Traffic Lights

Driving through a red light or failing to comply with any other road traffic sign, including road markings is an offence. These offences are usually dealt with by fixed penalty. If a fixed penalty is not issued by the police or, if it is refused by the driver, then any prosecution must be raised within 6 months from the date of the offence.



The penalties for failing to comply with a traffic signal or other traffic sign are 3 penalty points and a fine. The court also has discretion to disqualify. In most cases, these offences are dealt with by way of Fixed Penalty irrespective of whether a driver has been stopped by the police at the time of the offence or caught on camera. However, in some cases, where a driver fails to comply with a traffic sign, they could face a prosecution for careless driving.


Notice of Intended Prosecution

If a driver has been caught on camera a Notice of Intended Prosecution (NIP) must be issued to the owner of the vehicle within 14 days. This includes a requirement to provide details of the driver at the time of the offence. Failure to comply with this requirement is a separate offence which carries 6 points. A fixed penalty cannot be accepted if a driver is subject to disqualification under totting up provisions. In these circumstances a court summons will be issued, and the driver will be required to attend court. The same procedure is followed if a driver denies the offence or refuses a fixed penalty.


Traffic Sign Regulations

There are strict rules governing traffic signs, traffic lights and road markings. Most of the legislation in this area is contained in the Traffic Sign Regulations & General Directions 2002. For instance, traffic signs must conform to these regulations in terms of size, colour, and type. In addition, signs must be lawfully placed in order that the driver is made aware of the restriction, prohibition or requirement conveyed by the traffic sign.



Unlike other road traffic offences, the prosecution does not require to corroborate the offence of failing to comply with a traffic sign. The evidence of one police officer is enough. Furthermore, in all cases of this type there is a presumption that the traffic signs comply with all the regulations, unless the contrary is proved. This means the onus is on the defence to establish that traffic signage is inadequate or defective and, therefore, not lawful.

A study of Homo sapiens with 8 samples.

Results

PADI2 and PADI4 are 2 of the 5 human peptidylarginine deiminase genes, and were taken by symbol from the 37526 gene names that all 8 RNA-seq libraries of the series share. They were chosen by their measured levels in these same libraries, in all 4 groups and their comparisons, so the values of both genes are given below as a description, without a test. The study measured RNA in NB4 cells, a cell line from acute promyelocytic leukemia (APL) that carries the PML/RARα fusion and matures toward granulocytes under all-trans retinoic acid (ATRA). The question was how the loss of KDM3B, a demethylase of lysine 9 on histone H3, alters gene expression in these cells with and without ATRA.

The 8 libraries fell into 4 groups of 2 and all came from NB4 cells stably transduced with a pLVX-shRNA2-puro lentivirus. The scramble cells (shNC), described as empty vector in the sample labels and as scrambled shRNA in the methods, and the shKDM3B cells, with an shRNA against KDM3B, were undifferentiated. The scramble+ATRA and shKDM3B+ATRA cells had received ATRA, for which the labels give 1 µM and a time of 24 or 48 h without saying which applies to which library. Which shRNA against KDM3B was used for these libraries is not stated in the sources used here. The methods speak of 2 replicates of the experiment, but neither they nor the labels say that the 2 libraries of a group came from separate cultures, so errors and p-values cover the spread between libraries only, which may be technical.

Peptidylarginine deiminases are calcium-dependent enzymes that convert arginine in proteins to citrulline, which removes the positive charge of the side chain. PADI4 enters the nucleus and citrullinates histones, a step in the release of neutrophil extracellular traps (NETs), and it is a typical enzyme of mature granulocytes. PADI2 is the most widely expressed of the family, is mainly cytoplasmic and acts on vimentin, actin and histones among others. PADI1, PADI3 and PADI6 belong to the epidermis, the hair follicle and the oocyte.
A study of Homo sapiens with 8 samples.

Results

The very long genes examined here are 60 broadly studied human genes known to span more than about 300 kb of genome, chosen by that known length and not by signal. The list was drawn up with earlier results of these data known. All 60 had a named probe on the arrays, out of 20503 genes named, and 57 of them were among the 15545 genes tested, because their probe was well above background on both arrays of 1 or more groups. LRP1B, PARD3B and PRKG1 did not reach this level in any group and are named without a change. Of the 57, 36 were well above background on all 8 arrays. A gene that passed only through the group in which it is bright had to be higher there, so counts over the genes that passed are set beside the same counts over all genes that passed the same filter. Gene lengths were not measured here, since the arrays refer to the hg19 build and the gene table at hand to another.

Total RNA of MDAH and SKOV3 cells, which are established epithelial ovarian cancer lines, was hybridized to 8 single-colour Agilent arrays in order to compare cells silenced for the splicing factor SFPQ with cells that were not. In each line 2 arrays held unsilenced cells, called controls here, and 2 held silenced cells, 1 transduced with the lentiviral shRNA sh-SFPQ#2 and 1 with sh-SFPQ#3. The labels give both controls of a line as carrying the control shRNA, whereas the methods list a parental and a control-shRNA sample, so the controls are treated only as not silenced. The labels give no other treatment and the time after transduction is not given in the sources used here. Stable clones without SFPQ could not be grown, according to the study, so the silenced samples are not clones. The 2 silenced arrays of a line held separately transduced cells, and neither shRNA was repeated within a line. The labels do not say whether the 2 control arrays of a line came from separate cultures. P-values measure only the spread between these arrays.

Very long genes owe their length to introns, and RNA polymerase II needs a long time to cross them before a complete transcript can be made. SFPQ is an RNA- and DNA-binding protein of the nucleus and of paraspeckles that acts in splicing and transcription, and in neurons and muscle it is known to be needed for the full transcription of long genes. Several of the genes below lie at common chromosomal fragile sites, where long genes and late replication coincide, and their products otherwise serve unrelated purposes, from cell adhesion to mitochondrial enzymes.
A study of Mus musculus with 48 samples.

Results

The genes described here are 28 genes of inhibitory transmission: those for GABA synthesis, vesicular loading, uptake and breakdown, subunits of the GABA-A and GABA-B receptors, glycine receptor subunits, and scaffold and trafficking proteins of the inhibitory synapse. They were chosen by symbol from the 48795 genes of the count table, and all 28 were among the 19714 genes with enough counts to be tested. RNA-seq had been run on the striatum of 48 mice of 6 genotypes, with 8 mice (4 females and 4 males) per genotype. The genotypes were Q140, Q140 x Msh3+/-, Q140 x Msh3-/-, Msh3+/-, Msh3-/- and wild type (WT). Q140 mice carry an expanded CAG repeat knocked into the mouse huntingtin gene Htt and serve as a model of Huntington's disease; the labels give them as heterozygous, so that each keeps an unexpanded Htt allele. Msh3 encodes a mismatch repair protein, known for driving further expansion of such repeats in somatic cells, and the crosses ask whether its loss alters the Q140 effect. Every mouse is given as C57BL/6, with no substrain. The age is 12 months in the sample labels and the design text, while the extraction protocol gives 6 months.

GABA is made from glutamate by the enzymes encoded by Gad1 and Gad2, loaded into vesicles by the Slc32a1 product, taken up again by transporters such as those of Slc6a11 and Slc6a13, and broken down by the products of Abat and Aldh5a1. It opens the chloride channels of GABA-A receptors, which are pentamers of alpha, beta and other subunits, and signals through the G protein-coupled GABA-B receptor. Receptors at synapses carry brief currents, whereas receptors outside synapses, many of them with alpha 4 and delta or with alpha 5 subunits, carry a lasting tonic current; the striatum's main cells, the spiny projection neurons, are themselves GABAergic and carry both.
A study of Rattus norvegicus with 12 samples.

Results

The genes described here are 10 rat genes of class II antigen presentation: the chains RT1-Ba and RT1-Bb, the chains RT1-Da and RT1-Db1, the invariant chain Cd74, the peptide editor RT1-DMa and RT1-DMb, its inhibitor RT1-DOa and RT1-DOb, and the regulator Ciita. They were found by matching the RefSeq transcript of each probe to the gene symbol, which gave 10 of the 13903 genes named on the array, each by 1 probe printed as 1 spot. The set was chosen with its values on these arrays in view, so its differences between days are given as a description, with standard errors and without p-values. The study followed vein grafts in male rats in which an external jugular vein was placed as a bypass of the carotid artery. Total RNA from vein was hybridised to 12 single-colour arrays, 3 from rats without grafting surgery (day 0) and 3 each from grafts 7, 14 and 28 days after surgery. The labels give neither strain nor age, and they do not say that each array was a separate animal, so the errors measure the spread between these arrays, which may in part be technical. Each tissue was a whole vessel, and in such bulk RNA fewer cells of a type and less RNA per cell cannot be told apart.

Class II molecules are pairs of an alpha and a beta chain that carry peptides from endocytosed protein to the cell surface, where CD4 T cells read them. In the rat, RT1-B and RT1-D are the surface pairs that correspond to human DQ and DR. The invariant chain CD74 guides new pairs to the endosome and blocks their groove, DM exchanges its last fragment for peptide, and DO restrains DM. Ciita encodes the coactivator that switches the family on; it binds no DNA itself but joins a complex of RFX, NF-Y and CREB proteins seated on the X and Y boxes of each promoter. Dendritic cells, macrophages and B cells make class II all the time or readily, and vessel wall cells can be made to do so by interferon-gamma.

Driving through a Red Light

The most common traffic sign offence is running a red light. A driver is just as likely to be stopped by the police at the time of the offence as he is to be caught on camera. Either way the offence is usually dealt with by a Fixed Penalty of 3 points and a fine of £100.



It is important to note that photographic evidence and even the evidence of police officers can be challenged. However, any such challenge must be properly done. In addition, a factual defence of denial is always open to a driver who disputes the allegation. In camera cases the prosecution must prove that the device was calibrated and checked for accuracy. The prosecution may attempt to prove that a device is accurate and reliable by producing certificates. Documentary evidence of this type can also be challenged.


A potential defence is also available if the traffic lights are not working properly on the basis that the signals do not comply with the appropriate regulations. However, the onus is on the defence to establish that the traffic lights were not working.


Proceeding beyond a red light because of an emergency is not a defence, however it might amount to a special reason that would avoid endorsement of penalty points. In theory, the offence is even committed where a driver goes through a red light to allow an emergency vehicle to pass. However, in these circumstances, the prosecution is unlikely to seek a conviction or raise proceedings in the first place.


If you have been charged in relation to going through a red light within the Highlands and Islands, contact our office for advice on your options in defending this charge.